Erin stared at the city beneath her and sighed heavily. The speaker module blinked and she snapped to attention, jumping at the opportunity to do something other than stare at the eternal emptiness that was the sea.
“Corporal Erin Miranda Trident logging in from dock one; the surroundings are clear.” She said, logging in her time then pushing away from the table in aggravation.
Captain Banks had overreacted.
“You started a war!” he’d snarled, banging his fist against the table.
“But Captain he—” Erin began.
“That is it Corporal, not another word or I will degrade you to cadet!” Byron roared, daring Erin to voice another opinion. “You disgrace this platoon when you agitate a Megalodon shark in the middle of a negotiation! How can I justify giving you a higher leadership position if you can’t be trusted in a high pressure situation?”
Erin opened her mouth to answer but Bryon sent her a glare so dark she quivered.
“Look out duty,” he snapped. Erin gasped. “For a month.”
So now she was here, floating one hundred miles from the city at a lookout post usually reserved for tracker Syreni.
At least she was in the water.
She swiped at a seaweed in frustration, frustrated even more when it wrapped around her fin instead of floating free in the water. The sea gave a soft pulse of electricity and Erin looked up, excitement bubbling in her stomach . . . or was that hunger?
An eel slipped around the corner of the cave-like entrance to Atlantia, its long, snake-like body slithering towards her. Erin licked her lips in excitement, thinking about how good the eel would taste between her teeth.
The eel realized too late that Erin was behind him. He slithered wildly as cold hands strangled his neck, removing his access to oxygen. Just as the eel was about to enter unconsciousness he screamed out:“A Megalodon was twenty meters behind me!”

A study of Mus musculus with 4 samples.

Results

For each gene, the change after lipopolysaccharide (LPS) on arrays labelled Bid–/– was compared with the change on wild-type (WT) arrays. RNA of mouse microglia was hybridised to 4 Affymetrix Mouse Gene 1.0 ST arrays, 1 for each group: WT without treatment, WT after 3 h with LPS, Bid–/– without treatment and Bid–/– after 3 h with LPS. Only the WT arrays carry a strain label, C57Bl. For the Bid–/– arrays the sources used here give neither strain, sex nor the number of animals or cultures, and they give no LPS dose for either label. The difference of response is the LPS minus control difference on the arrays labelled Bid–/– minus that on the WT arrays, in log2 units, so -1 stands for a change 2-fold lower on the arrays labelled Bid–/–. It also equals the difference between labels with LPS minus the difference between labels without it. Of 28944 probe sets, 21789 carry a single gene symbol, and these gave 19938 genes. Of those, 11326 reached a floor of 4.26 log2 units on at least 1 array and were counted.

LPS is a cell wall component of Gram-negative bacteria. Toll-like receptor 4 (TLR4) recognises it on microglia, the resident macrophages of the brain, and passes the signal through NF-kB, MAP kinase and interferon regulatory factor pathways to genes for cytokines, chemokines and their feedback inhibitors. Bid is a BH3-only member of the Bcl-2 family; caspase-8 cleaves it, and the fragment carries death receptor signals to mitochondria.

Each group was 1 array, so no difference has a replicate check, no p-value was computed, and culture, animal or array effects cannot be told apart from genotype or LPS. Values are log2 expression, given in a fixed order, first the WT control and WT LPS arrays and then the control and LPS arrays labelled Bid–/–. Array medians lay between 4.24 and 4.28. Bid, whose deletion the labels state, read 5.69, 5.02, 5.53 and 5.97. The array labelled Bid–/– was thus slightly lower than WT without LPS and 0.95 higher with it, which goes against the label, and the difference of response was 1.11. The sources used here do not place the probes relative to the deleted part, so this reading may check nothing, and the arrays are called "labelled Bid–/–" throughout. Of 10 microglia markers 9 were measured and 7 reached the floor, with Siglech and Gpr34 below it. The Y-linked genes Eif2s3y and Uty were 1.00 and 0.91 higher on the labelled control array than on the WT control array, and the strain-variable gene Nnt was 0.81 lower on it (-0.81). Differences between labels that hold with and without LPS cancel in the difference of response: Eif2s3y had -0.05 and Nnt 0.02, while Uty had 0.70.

Erin stopped strangling the ten foot eel beneath her grip and let him go. The eel sucked in a lung full of water and looked up at the Syreni with a worried expression. Erin laughed in surprise.
“Don’t worry eel I won’t kill you. Not anymore,” she corrected, patting the sea animal on the back and swimming back to her post. The eel trailed after her like a love-struck puppy.
“You should probably call more Syreni,” he warned. “Megalodon’s are vicious creatures,” he continued, his long body shivering at the thought of the predator of legend. Erin laughed.
“I can handle one Megalodon by myself,” she bragged haughtily, leaning against the stone entrance. The speaker module blinked, alerting Erin that there was a message for her. In her anger she ignored it, choosing instead to chat with the friendly eel she’d decided not to eat.
Erin lost track of time. One minute, the eel named Ervin, was teasing how fast she could swim, and the next Erin was beyond the borders of the cave, racing an eel instead of manning her post.
She was a hair away from the finish line, and seconds away from beating Ervin the eel, when she felt it.
Thousands of needles prickling against her skin.
A jolt of electricity slammed into her and she paused mid-stride, stopping so abruptly that Ervin slammed into her back. Megalodon sharks. And more than one.
“The city,” Erin gasped, racing for the wall and the pulsing, red alert button.
–Short Story Written by Jae Lei Nyght
Copyright© 2013 Jae Lei Nyght
(Excerpt from “TRIDENT” a Jae Lei Nyght Novel. Photography rights belong to owner; Image manipulated in Photoshop by Jae Lei Nyght.)
Thanks for visiting my blog. Do you write only on the supernatural?
You are very welcome, and thank you so much for stopping by.
As for your question, Yes and no. Most of my novels take place in a supernatural world, although I have a few I’m working on that don’t.